The Chinese government has a complicated relationship with cryptocurrency: While it seems to be enthusiastic about the applications of blockchain technology, the country has banned initial coin offerings (ICOs) and blocked crypto trading sites. China’s long-running crackdown on digital currency marches on, with multiple news outlets reporting that their WeChat accounts had been frozen for spreading crypto reports.
News came this week that Jinse, an information service that is backed by Node Capital, was among the accounts impacted in the freeze. Instead of articles, the outlet’s WeChat page reportedly displays a message that explains “due to users’ complaints and after the platform’s examinations, the account is found to violate ‘Temporary Regulations on the Development and Management of Public Information Services for Instant Messaging Tools’ and all contents have been banned.”
Why WeChat? The platform is one of the leading messenger platforms in China, with more than a billion user accounts worldwide. (The Tencent-owned site is also used for in-store purchases and payments, in addition to news.) In all, local media outlet Lanjinger has found that at least eight “legitimate” publications, according to The Next Web, have been impacted by the crackdown.
Beyond clamping down on access to cryptocurrency news, China blocked WeChat accounts belonging to overseas cryptocurrency exchanges earlier this year. That move comes as operators of crypto trading platforms have fled China for other places, such as Hong Kong. Even so, those overseas sites offer support for Chinese language users and “accept deposits from mainlanders if they can get to them,” according to Bitcoin.com. The move to block the WeChat accounts, in essence, was meant to deter people in China from trading in cryptocurrencies on sites located off the mainland.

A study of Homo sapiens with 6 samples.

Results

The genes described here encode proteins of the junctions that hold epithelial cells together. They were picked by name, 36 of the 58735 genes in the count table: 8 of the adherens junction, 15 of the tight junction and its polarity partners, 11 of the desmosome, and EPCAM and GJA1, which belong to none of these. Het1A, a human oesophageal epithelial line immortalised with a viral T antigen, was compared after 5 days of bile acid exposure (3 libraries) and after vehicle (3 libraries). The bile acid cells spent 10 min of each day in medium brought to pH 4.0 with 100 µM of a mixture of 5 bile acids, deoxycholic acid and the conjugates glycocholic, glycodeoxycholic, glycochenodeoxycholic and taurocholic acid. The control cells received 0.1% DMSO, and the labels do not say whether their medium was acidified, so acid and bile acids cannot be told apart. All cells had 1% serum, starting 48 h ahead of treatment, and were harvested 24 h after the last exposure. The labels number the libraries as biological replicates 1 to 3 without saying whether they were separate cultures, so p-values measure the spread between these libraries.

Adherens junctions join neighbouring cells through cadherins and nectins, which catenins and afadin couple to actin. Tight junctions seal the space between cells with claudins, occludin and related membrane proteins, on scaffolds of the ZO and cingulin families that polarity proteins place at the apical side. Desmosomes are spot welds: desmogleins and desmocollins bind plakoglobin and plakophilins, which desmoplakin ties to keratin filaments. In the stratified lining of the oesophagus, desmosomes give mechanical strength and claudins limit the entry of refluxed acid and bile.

In the same vein, news also came this week that China is seeking to crack down on 124 cryptocurrency exchanges operating overseas whose services are available to Chinese users. To that end, the government plans to block access to those sites and implement real-time monitoring. China’s National Fintech Risk Rectification Office sees the moves as “targeted clean-up measures to maintain financial order and social stability,” according to reports.
The news, however, comes against an interesting backdrop: While China is seeking to stifle crypto trading, the country seems to be enthusiastic about the blockchain technology that underpins digital currencies. President Xi Jinping said earlier this year that blockchain technology will enable “breakthrough” applications, and the country’s Jiangsu province is rolling out a $1.5 billion fund focused on the blockchain. These moves, combined with the recent crypto crackdowns, continue to show that China’s relationship with crypto is, simply said, very complicated.